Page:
CALLS to The Samaritans about money worries have doubled since the onset of the financial crisis three years ago.
Local people are also more likely to be concerned about pressures at work than their counterparts in Great Britain, according to a new survey.
However, the primary cause of anxiety at this time of year tends to be a feeling of isolation, according to Alan Thompson, director of Ballymena Samaritans, who handle calls from the Larne area,
“Our volunteers have said that some of our callers tend to be socially isolated and the Christmas period can enhance their feelings of loneliness,” he explained.
“There can be an enormous amount of pressure to be happy during what is meant to be a time of celebration, even if individuals are in fact going through personal difficulties. ”
Locally, people are more than twice as likely to be worried about loneliness (23 per cent) than the UK average 11 per cent, but they also said their day is brightened by acts of kindness, such as someone listening to them (48 per cent), giving them a compliment (48 per cent) or a hug (43 per cent), smiling at them (37 per cent) and having time to chat (34 per cent).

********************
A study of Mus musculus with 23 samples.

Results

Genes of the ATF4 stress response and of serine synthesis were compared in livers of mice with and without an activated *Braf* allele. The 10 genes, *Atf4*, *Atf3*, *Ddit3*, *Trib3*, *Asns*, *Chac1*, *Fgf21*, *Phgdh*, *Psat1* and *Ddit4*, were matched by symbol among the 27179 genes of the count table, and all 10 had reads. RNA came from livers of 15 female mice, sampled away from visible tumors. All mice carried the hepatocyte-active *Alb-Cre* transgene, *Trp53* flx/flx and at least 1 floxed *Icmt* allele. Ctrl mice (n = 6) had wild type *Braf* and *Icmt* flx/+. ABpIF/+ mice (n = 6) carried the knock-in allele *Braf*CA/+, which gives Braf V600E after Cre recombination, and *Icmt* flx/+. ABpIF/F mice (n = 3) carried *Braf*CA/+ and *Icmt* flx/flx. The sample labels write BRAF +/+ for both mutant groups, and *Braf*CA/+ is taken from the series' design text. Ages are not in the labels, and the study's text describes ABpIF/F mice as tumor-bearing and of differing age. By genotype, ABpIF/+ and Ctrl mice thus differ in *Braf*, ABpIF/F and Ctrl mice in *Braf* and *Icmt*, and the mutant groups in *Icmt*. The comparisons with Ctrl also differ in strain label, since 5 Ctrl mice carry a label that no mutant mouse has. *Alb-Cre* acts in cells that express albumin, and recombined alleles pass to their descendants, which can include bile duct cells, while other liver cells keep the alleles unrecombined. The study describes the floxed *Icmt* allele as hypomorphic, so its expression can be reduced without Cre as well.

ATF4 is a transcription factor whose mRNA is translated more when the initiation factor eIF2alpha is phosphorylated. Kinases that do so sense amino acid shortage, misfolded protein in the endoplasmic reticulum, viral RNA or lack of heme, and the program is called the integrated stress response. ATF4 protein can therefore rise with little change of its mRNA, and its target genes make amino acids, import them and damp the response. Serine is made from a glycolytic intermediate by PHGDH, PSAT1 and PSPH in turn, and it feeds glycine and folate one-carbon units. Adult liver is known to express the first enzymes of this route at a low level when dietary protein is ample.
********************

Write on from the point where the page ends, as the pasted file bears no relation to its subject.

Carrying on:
The Samaritans say that, contrary to popular belief, studies have generally shown that there appears to be a lull in suicides during the Christmas period, by as much as 30 per cent, which may be due to the emphasis placed on togetherness that takes place at Christmas.
“However, there is an increase in suicide rates just after New Year, so if you feel the pressures of life getting to you, please contact Samaritans on 08457 90 90 90 or e-mail email@example.com and a trained volunteer will be there to support you. Samaritans are available 24 hours a day,” they urged.